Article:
John R. Erickson, author of the Hank the Cowdog series, includes among his many talents the ability to take you inside the mind of a dog—which, oddly, is a kinda-bizarre-kinda-sane place to be. And he is a master of the running gag. In each of the stories, there is always some doggy quirkishness going on.

Book Cover: Quest for the Great White QuailFor example… Who hasn’t observed, sometime in their life, a plastic object that has been chewed up by a dog? Erickson takes a commonplace like that, and goes one step further. Consider this snippet from The Quest for the Great White Quail:

“I started chewing the truck and I LOVED IT!

I had never dreamed that chewing plastic could be such an exciting experience, but it was, and all at once Drover didn’t seem nearly as crazy as I’d thought.

I chewed it to smithereens and wanted more… more plastic! Yes, plastic. Who needs bones in a world full of nice, chewy plastic? Bones can wear down your teeth and cause bone particles to collect in your estomagus, but plastic… it doesn’t splinterize and poke your gums. Furthermore, since you don’t swallow it, all the various pieces remain outside the bodily so-forth.

See, plastic was invented for DOGS. Maybe you didn’t know that. Maybe I didn’t know it either, but after conducting this first experiment with a plastic substance, it became very clear to me that someone out there had invented plastic so that dogs could chew it.

Why not? For thousands of years, dogs have been man’s best friend. We’ve liked our people when they were unlikeable, loved them when they were unlovable, forgiven them when they were unforgivable. We’ve licked their ears when we really wanted ice cream, kept them warm on cold winter nights, laughed at their stale jokes, and listened to their corny songs about Old Paint and Dunny.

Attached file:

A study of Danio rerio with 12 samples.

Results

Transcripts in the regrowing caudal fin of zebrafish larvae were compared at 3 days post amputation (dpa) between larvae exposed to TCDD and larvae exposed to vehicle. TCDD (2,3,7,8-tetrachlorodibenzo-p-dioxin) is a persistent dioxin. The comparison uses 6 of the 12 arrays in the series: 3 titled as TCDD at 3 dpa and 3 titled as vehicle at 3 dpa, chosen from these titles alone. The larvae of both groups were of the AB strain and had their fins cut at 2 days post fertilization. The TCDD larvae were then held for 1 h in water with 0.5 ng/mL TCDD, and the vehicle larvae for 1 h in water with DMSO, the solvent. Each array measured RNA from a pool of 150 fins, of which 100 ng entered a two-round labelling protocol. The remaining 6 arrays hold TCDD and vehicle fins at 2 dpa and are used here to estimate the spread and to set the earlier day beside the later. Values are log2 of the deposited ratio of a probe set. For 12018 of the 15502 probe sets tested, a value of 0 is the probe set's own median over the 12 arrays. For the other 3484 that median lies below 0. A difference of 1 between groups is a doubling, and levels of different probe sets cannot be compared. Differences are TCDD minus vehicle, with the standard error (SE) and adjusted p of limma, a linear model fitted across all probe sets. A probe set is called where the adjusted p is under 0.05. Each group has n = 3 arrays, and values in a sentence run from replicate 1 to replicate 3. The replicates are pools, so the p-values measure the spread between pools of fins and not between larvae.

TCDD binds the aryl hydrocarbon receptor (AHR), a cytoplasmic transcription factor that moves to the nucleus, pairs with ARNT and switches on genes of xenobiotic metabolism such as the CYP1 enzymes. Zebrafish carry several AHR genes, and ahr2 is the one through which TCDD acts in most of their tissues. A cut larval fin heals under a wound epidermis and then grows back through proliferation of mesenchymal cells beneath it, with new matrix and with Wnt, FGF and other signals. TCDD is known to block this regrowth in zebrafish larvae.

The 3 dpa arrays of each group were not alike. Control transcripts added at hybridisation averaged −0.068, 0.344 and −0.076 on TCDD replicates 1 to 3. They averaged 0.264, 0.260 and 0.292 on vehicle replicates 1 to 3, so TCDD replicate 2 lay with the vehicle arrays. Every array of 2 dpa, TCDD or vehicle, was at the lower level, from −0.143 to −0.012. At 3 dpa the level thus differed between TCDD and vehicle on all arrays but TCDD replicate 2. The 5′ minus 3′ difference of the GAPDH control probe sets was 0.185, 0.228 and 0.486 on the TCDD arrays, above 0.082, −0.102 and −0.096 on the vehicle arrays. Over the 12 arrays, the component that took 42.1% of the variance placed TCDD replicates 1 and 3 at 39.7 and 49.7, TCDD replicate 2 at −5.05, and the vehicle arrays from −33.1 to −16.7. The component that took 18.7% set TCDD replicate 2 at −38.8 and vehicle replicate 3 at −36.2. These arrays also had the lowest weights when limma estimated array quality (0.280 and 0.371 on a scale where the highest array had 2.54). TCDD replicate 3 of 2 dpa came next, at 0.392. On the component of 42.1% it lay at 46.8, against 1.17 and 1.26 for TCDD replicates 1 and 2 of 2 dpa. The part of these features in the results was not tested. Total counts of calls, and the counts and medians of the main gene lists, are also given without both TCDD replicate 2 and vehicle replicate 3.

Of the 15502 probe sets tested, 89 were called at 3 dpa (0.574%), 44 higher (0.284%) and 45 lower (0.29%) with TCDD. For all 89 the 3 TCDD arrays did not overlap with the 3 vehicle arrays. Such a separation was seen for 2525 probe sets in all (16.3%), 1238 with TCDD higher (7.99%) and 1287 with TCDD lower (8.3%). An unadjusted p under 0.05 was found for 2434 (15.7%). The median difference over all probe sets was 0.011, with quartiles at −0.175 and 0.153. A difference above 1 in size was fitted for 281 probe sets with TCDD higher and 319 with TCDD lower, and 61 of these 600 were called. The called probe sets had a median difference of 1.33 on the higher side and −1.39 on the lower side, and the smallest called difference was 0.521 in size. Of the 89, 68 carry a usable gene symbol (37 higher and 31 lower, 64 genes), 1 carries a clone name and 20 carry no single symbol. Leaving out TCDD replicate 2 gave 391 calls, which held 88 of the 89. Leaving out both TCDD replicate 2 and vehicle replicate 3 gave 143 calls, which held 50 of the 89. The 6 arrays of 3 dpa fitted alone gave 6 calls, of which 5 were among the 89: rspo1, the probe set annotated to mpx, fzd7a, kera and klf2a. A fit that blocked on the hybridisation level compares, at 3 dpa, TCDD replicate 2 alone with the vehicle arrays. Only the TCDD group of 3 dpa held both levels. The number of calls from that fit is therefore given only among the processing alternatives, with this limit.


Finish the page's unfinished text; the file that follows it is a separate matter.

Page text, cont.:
Don’t we deserve something special? Yes, of course we do, and that special something is PLASTIC.”

That little episode explains why, 60 pages later, when Hank is poised to whisk Plato the Bird Dog from the coyote’s den (the coyotes, unbeknownst to them, are in the back, asleep), we get this bit of business:

“Plato dropped to the floor of the cave, covered his eyes with his front paws, and began moaning. ‘No, I won’t go! I’m a failure. I can’t face the shame and disgrace!’ He whimpered and sniffled for a long minute, then peeked out from behind his paws. ‘You don’t understand any of this, do you? It must sound crazy.’

‘Yes, as a matter of fact, it sounds as nutty as a pecan tree.’

‘I guess cowdogs don’t have any of these wild compulsions.’

‘Apparently not.’ For some reason, my mouth began to water and I found myself… well, glancing around the cave. ‘You don’t have any plastic in here, do you?’

Plato uncovered his other eye and stared at me. ‘Plastic?’

‘Right. You know, toys, milk jugs, bread bags, garden trowels… anything made of plastic.’

‘I don’t think so, but why do you ask?’

“No reason, just curious.’ My mouth continued to water. ‘Are you sure there is no plastic in here? I mean, it doesn’t have to be huge, just something made of… Why are you staring at me?’”

And so on… There’s something very human about that dog, and the “human” side of him is as amusing as the “dog” side.